It's worth clarifying the point on whether "your software needs to be built for PAE" and from previous comments on last weeks show:
Firstly, let's be clear: AWE is not PAE. The first is about having more than 4GB of data in a process. The second is about having more than 4GB of RAM in a computer. (http://blogs.msdn.com/b/oldnewthing/archive/2004/08/19/217087.aspx). You can use AWE without PAE, and you can use PAE without using AWE.
Secondly, unlike AWE, PAE affects only things that look at physical addreses, i.e. some kernel mode drivers and the memory-management in the kernel itself - it doesn't affect normal user-mode programs. Consequently, to use physical memory above 4GB on a 32-bit system, only your kernel and some of your drivers need to be PAE aware - i.e. the ones that allocate physical addresses but foolishly assume that the physical addresses are 32-bit (physical addresses are actually 56 bit, just to be confusing). This truncation is the reason why 32-bit Windows chooses by default to ignore physical memory above 4GB and why it is disabled for Client SKUs.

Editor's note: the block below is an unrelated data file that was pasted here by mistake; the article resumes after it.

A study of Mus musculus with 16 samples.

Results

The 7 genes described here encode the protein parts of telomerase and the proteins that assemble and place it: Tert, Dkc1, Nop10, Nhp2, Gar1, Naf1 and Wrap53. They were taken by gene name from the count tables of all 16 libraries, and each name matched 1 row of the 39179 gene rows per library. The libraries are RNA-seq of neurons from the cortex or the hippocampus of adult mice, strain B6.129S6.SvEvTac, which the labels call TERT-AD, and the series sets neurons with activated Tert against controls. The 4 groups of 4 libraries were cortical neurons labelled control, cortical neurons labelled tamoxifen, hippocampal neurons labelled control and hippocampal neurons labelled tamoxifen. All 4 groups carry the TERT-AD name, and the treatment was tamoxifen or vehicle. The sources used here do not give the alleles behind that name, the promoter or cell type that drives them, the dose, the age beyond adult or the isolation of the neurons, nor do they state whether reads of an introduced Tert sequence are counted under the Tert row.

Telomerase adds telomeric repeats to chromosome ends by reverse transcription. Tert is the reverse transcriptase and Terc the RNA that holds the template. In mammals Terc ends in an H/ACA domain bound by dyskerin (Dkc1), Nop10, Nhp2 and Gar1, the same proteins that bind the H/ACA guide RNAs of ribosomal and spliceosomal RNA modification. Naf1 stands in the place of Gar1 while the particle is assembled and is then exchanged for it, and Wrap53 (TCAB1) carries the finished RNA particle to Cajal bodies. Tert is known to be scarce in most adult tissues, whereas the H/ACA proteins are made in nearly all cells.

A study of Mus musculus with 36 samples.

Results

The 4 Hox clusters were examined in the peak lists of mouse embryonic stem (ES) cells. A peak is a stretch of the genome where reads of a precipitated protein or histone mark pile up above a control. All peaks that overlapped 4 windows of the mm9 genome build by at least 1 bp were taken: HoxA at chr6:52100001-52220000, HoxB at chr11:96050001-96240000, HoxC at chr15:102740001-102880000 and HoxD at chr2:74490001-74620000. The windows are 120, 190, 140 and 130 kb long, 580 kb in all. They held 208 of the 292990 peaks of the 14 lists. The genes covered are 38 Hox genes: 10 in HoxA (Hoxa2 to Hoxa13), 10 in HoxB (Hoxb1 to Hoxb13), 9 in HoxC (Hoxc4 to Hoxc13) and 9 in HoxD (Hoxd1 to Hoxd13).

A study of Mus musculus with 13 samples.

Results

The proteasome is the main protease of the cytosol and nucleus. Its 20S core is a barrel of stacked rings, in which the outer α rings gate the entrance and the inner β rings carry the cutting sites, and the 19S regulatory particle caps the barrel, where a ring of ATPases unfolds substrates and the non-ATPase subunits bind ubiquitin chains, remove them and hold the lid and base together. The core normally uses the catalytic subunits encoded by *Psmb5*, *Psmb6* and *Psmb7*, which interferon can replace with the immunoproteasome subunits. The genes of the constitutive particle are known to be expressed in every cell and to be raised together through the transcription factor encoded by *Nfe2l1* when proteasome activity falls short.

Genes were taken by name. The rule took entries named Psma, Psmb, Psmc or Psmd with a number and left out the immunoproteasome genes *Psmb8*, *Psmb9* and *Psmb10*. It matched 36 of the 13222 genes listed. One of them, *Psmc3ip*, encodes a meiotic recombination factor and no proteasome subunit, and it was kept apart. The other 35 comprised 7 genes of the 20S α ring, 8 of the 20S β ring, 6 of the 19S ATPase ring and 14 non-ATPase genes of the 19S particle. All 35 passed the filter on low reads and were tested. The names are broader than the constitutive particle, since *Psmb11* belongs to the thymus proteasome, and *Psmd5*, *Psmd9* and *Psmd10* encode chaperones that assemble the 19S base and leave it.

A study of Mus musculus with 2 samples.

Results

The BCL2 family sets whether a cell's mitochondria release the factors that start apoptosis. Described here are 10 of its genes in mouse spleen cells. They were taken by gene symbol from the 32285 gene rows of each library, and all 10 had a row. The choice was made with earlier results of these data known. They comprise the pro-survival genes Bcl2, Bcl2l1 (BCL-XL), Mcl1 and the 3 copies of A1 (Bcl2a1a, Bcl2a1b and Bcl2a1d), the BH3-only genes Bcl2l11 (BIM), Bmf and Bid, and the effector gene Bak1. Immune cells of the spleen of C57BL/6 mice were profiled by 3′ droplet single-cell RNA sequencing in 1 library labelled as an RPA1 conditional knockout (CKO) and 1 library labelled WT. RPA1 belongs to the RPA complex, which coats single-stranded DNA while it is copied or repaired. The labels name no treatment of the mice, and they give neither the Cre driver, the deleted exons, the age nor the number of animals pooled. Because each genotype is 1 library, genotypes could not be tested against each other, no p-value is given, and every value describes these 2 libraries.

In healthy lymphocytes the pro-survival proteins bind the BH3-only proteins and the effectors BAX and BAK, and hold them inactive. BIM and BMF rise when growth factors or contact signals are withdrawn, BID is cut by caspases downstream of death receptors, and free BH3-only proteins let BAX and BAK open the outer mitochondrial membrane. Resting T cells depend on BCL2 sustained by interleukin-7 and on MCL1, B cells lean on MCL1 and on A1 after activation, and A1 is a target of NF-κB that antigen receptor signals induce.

You also need to be running the PAE version of Windows Server. There's a flag in boot.ini (or bcdedit) called /PAE, but this has been enabled by default ever since XP SP2. On a side-note, PAE is a requirement of hardware-DEP, so if you have DEP enabled, PAE is enabled. It's also a requirement of Windows7, so if you're running Windows7, you've got PAE.
Here's a good summary for the insanely few of you that actually care: http://superuser.com/questions/367490/can-a-32-bit-os-machine-use-up-all-8gb-ram-20gb-page-file
Anyway, all that said, unless you've got a really good reason not to, you should be moving to a 64-bit OS. That way all of these complicated things just work and you don't have to think too hard about it.